Nov. 28 (Bloomberg) -- The Sheriff of Jefferson County, Alabama, asked a judge whether he and his deputies can receive a temporary reprieve from lawsuits as a result of the county’s bankruptcy along with other county officials.
Sheriff Mike Hale asked the federal judge overseeing the bankruptcy whether his department is entitled to the so-called automatic stay of lawsuits that was granted the county’s government when Jefferson County filed bankruptcy earlier this month.
“He and various Jefferson County Deputy Sheriffs are defendants in a number of pending lawsuits involving actions and alleged actions taken in the course of their employment,” Hale said in court papers filed today in U.S. Bankruptcy Court in Birmingham.
Jefferson County became at least the 12th entity to file a Chapter 9 bankruptcy this year after the county, state officials, and bondholders all failed to implement a tentative agreement that would have cut debt by about $1 billion.
U.S. Bankruptcy Judge Thomas B. Bennett ended a hearing last week without immediately ruling on whether the automatic stay limits the powers of a receiver who operates the county’s sewer system. Debt related to the system is one of the reasons the county said it filed bankruptcy.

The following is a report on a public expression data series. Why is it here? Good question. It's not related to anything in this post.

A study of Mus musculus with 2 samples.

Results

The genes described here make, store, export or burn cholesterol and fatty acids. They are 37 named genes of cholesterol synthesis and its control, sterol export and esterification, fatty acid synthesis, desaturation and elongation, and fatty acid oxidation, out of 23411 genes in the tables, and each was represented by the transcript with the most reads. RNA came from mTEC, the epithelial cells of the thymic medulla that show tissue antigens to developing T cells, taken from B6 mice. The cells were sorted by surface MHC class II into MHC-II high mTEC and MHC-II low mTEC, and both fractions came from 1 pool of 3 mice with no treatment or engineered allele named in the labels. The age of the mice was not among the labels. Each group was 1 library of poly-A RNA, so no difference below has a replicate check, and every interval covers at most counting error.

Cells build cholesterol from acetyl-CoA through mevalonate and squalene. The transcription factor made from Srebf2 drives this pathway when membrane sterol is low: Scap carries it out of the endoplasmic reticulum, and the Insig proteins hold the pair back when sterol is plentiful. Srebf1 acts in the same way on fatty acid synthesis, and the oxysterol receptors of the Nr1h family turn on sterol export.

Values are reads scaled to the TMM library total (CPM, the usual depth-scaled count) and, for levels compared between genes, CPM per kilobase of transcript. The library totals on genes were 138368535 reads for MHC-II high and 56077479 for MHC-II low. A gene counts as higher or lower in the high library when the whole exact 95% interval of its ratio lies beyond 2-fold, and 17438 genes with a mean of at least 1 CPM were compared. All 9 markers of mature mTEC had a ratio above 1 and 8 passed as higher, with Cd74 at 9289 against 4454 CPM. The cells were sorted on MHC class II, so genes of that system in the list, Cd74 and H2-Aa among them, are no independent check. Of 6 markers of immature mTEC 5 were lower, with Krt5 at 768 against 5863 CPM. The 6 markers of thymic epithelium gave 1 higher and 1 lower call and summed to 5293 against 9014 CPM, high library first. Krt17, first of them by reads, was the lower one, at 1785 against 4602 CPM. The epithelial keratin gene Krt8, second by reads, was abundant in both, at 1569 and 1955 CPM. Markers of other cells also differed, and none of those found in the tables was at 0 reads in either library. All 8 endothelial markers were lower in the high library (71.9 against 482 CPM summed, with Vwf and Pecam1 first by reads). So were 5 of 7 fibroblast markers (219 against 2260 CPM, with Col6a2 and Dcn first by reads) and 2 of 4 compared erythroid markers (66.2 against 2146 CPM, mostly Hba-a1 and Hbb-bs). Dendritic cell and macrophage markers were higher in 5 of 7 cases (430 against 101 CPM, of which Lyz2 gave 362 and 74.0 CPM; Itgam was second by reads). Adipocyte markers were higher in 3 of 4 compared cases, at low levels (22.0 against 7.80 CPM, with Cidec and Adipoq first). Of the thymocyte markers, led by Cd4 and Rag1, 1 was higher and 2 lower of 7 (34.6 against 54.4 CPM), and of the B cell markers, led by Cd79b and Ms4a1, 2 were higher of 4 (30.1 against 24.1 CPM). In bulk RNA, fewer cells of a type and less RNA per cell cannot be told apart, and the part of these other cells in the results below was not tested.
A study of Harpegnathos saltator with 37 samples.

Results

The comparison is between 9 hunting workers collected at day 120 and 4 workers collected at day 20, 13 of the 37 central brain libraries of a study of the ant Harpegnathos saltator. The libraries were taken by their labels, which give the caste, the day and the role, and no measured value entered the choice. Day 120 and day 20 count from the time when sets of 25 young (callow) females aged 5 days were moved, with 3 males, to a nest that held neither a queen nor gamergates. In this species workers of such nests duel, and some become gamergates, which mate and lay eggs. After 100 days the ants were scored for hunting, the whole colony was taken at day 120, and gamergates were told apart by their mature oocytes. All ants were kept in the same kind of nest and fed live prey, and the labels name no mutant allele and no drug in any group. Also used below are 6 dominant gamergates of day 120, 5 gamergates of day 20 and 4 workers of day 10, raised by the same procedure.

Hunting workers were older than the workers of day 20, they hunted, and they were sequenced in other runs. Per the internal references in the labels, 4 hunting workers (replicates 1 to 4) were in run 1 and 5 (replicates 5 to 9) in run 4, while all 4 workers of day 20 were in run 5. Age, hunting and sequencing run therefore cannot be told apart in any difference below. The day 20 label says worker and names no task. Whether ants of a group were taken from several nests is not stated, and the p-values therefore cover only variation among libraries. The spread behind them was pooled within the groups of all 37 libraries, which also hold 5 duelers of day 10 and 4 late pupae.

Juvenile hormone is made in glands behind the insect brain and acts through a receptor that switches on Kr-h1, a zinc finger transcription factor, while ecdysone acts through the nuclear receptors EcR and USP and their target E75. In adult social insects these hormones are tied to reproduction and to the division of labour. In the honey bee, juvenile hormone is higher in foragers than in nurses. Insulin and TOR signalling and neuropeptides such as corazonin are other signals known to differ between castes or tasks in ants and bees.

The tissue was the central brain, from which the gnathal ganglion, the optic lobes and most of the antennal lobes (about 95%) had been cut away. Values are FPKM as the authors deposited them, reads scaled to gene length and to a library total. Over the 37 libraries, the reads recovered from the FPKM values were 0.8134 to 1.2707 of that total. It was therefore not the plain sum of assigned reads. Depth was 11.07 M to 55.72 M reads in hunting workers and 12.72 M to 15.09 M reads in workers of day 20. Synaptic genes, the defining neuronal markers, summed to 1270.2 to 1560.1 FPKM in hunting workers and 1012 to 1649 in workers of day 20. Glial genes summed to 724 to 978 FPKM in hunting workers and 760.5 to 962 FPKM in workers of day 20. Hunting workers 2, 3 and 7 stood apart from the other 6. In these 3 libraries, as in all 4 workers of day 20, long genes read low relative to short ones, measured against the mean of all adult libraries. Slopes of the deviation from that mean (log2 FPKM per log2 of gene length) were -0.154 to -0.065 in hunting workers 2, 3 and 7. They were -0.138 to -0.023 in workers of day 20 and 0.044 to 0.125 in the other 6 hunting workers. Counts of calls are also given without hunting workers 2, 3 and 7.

Hale, who is elected by county voters, is technically considered a state official, although his salary and the department’s budget is provided by Jefferson County, as would be any damage awards from a court case against him.
“Accordingly, an adverse verdict rendered against Sheriff Hale or a Jefferson County Deputy Sheriff (for actions taken in the course of his employment) may adversely impact the coffers of Jefferson County,” Hale said in court papers.
The case is In re Jefferson County, 11-05736-9, U.S. Bankruptcy Court, Northern District of Alabama (Birmingham).